Sunday, May 08, 2011
A Market transformation
- Our week as a Nielsen family
- Stop throwing money out the windows
- Point/Counterpoint gets a makeover
- All too quick to judge
From the RoundTable blog
Prepare to be dazzled when the City Market Building opens later this summer. Light pours in, dancing on the highly polished hemlock floors of the mezzanine and bouncing along the white glazed bricks of the first-floor stalls below.
Upstairs, in the old gymnasium that's been long cut off from the public, floor-to-ceiling windows illuminate the ballroom. The room known now as Charter Hall, a nod to Roanoke and the market's genesis, sweeps across the expanse, issuing an invitation: Come, plan your event. Eight parties already accepted, reserving their dates; others are lining up.
Space throughout the Market Building flows from one purpose to another, opening the once-choppy floor plan onto its breadth. The design by architects Cunningham and Quill captures the charm of the building so beloved by Roanokers, stays true to the 1922 building's integrity (important to capture historic tax credits), yet employs each square foot of space for modern-day use.
On the first floor, four adjoining vendor spaces command the center. The interior wall is ringed with eight kitchen spaces. All are constructed out of white bricks reminiscent of the building's meat market days. Adding contrast, exposed red bricks march up the interior walls, giving way to painted ones above -- the paint a concession to historic accuracy.
Along the outside perimeter, retail spaces, each with its own doorway, line the Market and Wall street sides. Altogether, the building can accommodate 30 vendors; most likely spaces will be adapted, depending on the desire of tenants, to host fewer vendors by leasing them more than one space.
Jim Deyerle with Hall Associates is charged with managing the building and lining up tenants. He points out how each of the eight kitchen spaces was designed so that a wall could be punched out, opening into a retail space that can be easily converted into a dining room. That space then flows onto sidewalk dining. Also, retail space can be combined to accommodate a larger store.
Deyerle and his Hall Associates colleague Roger Elkin graciously spent their Wednesday morning taking me on a tour of the building. (You can take a pictorial tour at the City Market Building's Facebook page.) Much of the major work is coming to a close; soon, outfitting for specific vendors will begin.
Elkin pointed out the common dining alcoves on either side that are flanked with public restrooms. Even during the Market Building's off hours, these areas will be open to the public -- a welcome, friendly addition to downtown. With on-site management and daily custodial service, they aren't concerned about the restrooms taking on the trashy, off-putting look, smell and feel of the ones previously found in the Market Building.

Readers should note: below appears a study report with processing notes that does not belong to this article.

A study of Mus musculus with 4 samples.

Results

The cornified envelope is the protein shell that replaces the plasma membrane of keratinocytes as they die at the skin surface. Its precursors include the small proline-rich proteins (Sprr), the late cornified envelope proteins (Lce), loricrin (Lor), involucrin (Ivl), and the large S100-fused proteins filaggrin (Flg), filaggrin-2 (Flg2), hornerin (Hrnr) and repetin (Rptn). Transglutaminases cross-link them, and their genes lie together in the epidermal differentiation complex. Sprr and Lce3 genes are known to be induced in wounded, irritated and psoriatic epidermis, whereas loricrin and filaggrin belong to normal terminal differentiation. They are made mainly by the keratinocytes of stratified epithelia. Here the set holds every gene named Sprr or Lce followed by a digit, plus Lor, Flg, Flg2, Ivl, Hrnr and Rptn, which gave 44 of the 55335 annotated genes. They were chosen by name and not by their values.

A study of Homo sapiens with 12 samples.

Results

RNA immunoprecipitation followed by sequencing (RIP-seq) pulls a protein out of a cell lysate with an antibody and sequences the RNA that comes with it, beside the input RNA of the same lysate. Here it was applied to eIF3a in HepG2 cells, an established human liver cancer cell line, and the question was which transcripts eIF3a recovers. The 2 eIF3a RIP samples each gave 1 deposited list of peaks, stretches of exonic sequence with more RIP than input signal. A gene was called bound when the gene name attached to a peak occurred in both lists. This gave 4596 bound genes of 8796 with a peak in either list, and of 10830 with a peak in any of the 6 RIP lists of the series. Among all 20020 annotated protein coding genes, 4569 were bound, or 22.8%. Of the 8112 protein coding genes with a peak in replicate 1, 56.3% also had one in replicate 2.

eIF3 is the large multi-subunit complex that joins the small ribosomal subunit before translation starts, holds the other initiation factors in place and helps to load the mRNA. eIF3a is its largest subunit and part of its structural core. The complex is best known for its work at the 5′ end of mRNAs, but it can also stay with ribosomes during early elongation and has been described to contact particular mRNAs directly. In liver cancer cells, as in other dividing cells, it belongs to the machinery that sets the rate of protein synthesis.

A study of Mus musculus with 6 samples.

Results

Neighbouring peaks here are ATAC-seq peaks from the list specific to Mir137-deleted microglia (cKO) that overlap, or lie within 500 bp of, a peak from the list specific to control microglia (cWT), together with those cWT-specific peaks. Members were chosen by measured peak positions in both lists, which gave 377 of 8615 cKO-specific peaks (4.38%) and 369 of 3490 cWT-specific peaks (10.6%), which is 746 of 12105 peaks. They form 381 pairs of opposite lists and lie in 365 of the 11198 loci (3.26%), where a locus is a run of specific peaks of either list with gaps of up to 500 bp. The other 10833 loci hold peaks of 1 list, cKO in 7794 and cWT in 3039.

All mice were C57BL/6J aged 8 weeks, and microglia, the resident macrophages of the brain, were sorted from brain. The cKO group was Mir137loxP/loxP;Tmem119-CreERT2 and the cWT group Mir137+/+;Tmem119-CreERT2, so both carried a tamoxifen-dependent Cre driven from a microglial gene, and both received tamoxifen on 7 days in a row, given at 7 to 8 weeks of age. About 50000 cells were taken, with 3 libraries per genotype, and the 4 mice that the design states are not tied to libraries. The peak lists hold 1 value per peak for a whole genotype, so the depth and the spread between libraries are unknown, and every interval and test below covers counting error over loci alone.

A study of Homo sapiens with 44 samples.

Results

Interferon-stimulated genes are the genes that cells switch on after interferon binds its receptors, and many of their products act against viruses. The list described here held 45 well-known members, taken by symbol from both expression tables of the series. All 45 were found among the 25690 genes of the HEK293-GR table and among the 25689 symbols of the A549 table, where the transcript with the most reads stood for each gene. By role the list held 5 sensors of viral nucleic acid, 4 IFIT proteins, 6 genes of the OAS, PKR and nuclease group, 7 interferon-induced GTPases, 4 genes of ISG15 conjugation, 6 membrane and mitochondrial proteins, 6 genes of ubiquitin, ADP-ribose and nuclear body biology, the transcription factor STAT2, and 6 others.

On the Salem Avenue side, Brent Hawes of Hawes Joinery Inc. fashioned three doors that look like other windows and doors found on the building. Their simple appearance disguises the complexity of their mission: to provide cover and ease of access to dumpsters.
While the previous dingy interior now appeals to the eye and will make shopping and dining a pleasure, the question remains: Will the building attract enough vendors?
To this, Elkin and Deyerle would emphatically answer yes. They've had 100 inquiries; 55 requested applications, and 22, so far, successfully completed the application process. Four previous vendors plan to come back.
"My expectation is that the building will open with three, four or fives spaces not filled," Elkin said. "We're not going to wait until it's 100 percent full."
By the soft opening in mid-August, all eight kitchens and four vendor spots inside are expected to be filled. Retail, which has been rather soft since the recession, might take a little longer to attract. But Elkin thinks once the building is open, there will be an increased demand from those wanting to be part of it.
All of the applicants are considered "local," in the sense that they live within a 60-mile radius of Roanoke. Also, the foundation is adhering to the city's former practice of barring chains, but it is breaking with the tradition of noncompeting menus.
The goal is to bring in stable tenants. While some prospects are experienced, others are being helped to develop business plans and learn the skills needed to succeed.
The building will also have increased hours, requiring vendors to be open evenings and weekends, unlike previous hours that limited service to the lunch crowd.
Elkin said the extended hours are being welcomed, as it affords vendors more time in which to earn income.
Money is also of prime consideration for Roanoke and its taxpayers, who are spending $6.4 million to renovate a building that has required substantial sums to subsidize the day-to-day operations.
The days of subsidies are growing short. Elkin and Deyerle said the plan is to break even within two years -- and that includes funds set aside for upkeep.
In looking at the potential unearthed during the project, it's easy to believe them.
Rife is a member of The Roanoke Times editorial board.